ISLAMABAD, July 22: Syed Sharifuddin Pirzada, senior adviser to the prime minister on Tuesday said Akbar Pirbhai, nephew of the Quaid-i-Azam, had told President Ayub Khan that Miss Fatima Jinnah was assassinated, and had demanded a judicial inquiry into the matter, which was turned down.
Mr Pirzada, who was quoted by a section of the press as saying on Monday that he himself had seen blood stains on the bed sheet and cuts on the neck of Miss Jinnah, said that he was grossly misquoted by the press.
“What has been attributed to me is not correct as I was not there,” Mr Pirzada said.
He said he was out of the country, and had come to know of Miss Jinnah’s death at the Paris Airport, got his flight changed and had returned to Pakistan. “From the airport, I had gone directly to the Quaid’s mazar and attended the burial of Mohtarma Fatima Jinnah.”
Mr Pirzada said that Mr Akbar Pirbhai, a leading Indian lawyer, had come to Pakistan and after a couple of days of inquiries on his own had asked him (Sharifuddin) to arrange a meeting with President Ayub Khan. This was done, and Mr Pirbhai had told the president that according to his assessment, Miss Jinnah was murdered. Mr Pirzada was present in the meeting.
Mr Pirzada said there was no question of his disclosing anything after 36 years. “Press correspondents had asked me a question referring to the assertions of Senator Hasan A. Sheikh that Mohtarma was assassinated, and I felt what Hasan Sheikh had said could be correct.”
He cited the example of Napoleon Bonaparte whose death was being probed now after a century to know if the French leader was poisoned.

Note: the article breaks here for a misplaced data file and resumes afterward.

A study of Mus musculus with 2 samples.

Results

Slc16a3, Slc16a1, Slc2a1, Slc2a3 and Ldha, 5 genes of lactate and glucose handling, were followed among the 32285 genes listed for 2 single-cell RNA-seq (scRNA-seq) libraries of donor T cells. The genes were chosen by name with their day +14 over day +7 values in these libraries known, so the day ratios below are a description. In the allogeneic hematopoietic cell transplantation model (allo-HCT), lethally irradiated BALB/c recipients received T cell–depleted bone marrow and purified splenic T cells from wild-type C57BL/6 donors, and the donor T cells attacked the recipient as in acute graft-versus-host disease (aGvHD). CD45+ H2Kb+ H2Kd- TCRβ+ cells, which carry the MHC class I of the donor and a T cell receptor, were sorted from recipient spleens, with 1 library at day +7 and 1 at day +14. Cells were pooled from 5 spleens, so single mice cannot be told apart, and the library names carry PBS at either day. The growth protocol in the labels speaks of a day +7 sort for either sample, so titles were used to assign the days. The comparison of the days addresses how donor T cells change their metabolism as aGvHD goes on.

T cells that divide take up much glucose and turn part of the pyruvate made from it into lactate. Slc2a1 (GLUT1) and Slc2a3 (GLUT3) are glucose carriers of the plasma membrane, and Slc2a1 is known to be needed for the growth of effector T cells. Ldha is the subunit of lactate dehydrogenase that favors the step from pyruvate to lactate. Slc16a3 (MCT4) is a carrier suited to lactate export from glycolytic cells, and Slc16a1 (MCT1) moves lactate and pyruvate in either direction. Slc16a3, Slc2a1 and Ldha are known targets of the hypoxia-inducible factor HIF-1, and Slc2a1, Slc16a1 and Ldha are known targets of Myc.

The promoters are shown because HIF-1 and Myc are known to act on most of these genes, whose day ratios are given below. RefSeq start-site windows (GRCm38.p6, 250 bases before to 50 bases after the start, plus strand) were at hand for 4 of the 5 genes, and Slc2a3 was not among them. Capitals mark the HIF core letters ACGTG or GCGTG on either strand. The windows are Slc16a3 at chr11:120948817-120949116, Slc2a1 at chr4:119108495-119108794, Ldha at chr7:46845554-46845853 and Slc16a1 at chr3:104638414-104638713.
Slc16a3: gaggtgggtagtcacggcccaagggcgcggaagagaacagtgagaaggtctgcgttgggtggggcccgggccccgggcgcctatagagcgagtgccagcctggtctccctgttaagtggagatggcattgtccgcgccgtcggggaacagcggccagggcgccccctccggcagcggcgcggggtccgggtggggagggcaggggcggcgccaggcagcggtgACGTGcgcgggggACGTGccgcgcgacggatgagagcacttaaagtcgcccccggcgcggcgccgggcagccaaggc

Mr Pirbhai had also protested against Miss Fatima Jinnah being laid to rest without a postmortem and demanded that her body should be exhumed.
The demand was turned down by President Ayub Khan, and Mr Pirbhai was told that it would create problems in the country as the people had great emotional attachment with Miss Jinnah, Mr Pirzada said.
Mr Pirbhai had then demanded that a judicial inquiry be ordered to ascertain the causes of her death, and said he would like to cross-examine the doctor, who had certified that Miss Jinnah died of heart failure.
This demand was also rejected. Mr Pirzada said the president had offered to appoint the then home minister, Qazi Fazalullah, for conducting the inquiry. In the same meeting, the president had told Mr Pirzada that he had rejected the application for grant of Pakistani citizenship to Shireen Bai, sister of the Quaid-i-Azam, who was then an Indian national, but would now like to grant her Pakistani citizenship in view of the unusual circumstances faced by the family.
Mr Pirzada said Ayub Khan had inquired from him if he could legally reconsider his decision. Mr Pirzada said he had advised the president that he had all the authority to reconsider his decision to allow Ms Shireen Bai to become a citizen of Pakistan and inherit the property of Miss Fatima Jinnah. She was given Pakistani citizenship and she came to Pakistan and lived here.